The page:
Landscaping goats not allowed in the city of Grand Marais
A local landscaping and tree removal service in Grand Marais started an experiment on its Cedar Grove Business Park lot in October. Business owner Gary Nesgoda brought four goats owned by a coworker in Hovland to the lot to see how grazing goats could be used to clear vegetation.
It worked well, Nesgoda told WTIP, but a short time after bringing the goats to the business park, he was notified that livestock is not allowed within city limits under the city’s current ordinances.
Nesgoda said he appreciated the city’s handling of the matter. He said City Administrator Mike Roth was very professional when informing him that the experiment had to be halted. The goats were taken back to their Hovland home, but Nesgoda said he would like to see an ordinance change to allow the use of goats for vegetation management. He acknowledged that many city lots are too small, but suggested allowing the use of goats on lots that are an acre in size or larger.
Nesgoda notes that goats are a low-impact way of clearing land. They do less damage to soils and they are more environmentally friendly than the use of herbicides. Plus, Nesgoda said, they are just fun to watch.
He explains that the goats are kept in a portable pen, which is moved about in the property owner’s lot. He said most people enjoy watching the goats as they go about their grazing.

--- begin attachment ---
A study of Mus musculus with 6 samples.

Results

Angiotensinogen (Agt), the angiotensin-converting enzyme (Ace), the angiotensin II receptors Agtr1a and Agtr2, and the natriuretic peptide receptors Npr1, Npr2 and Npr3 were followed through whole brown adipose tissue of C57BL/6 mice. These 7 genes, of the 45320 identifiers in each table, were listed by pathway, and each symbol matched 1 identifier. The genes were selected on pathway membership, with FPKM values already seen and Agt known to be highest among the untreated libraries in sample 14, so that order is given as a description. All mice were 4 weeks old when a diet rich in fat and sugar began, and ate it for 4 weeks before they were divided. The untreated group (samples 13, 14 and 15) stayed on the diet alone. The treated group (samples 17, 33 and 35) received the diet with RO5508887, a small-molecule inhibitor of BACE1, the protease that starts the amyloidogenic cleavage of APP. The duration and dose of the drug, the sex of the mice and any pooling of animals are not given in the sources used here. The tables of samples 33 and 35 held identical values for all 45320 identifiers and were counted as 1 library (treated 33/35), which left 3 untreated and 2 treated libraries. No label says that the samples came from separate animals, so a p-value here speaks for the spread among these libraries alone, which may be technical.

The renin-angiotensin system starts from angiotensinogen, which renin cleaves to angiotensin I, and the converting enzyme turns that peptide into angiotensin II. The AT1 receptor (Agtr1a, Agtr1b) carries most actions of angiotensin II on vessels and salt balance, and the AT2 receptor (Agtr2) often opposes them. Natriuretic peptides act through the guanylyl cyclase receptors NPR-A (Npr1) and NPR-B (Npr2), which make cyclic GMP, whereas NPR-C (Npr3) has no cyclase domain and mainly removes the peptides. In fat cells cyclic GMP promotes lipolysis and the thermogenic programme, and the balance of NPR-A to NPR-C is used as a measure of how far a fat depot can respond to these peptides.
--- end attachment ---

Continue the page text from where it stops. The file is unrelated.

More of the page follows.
WTIP spoke with Nesgoda about how goats can be used and about the removal of the goats from the business park. WTIP also spoke with City Administrator Mike Roth whose job sometimes requires him to inform people they are in violation of city ordinances.
Roth said the city’s animal ordinance was updated sometime in 2012. Before that time it primarily covered dogs and cats. The latest overhaul added the chapter that says no livestock, which of course, includes goats.
Noting that it seems that more people are seeking an agricultural lifestyle, farming, raising chickens—and possibly having goats—WTIP’s Rhonda Silence asked Roth what it would take to make that a legal activity in the city.
Roth said citizens wishing to raise goats would have to approach the city council and make their case.
And for the record, WTIP asked Roth if he personally had anything against goats. His answer was a definite no.
Listen to this report from WTIP’s Rhonda Silence to learn more about goats and city ordinances.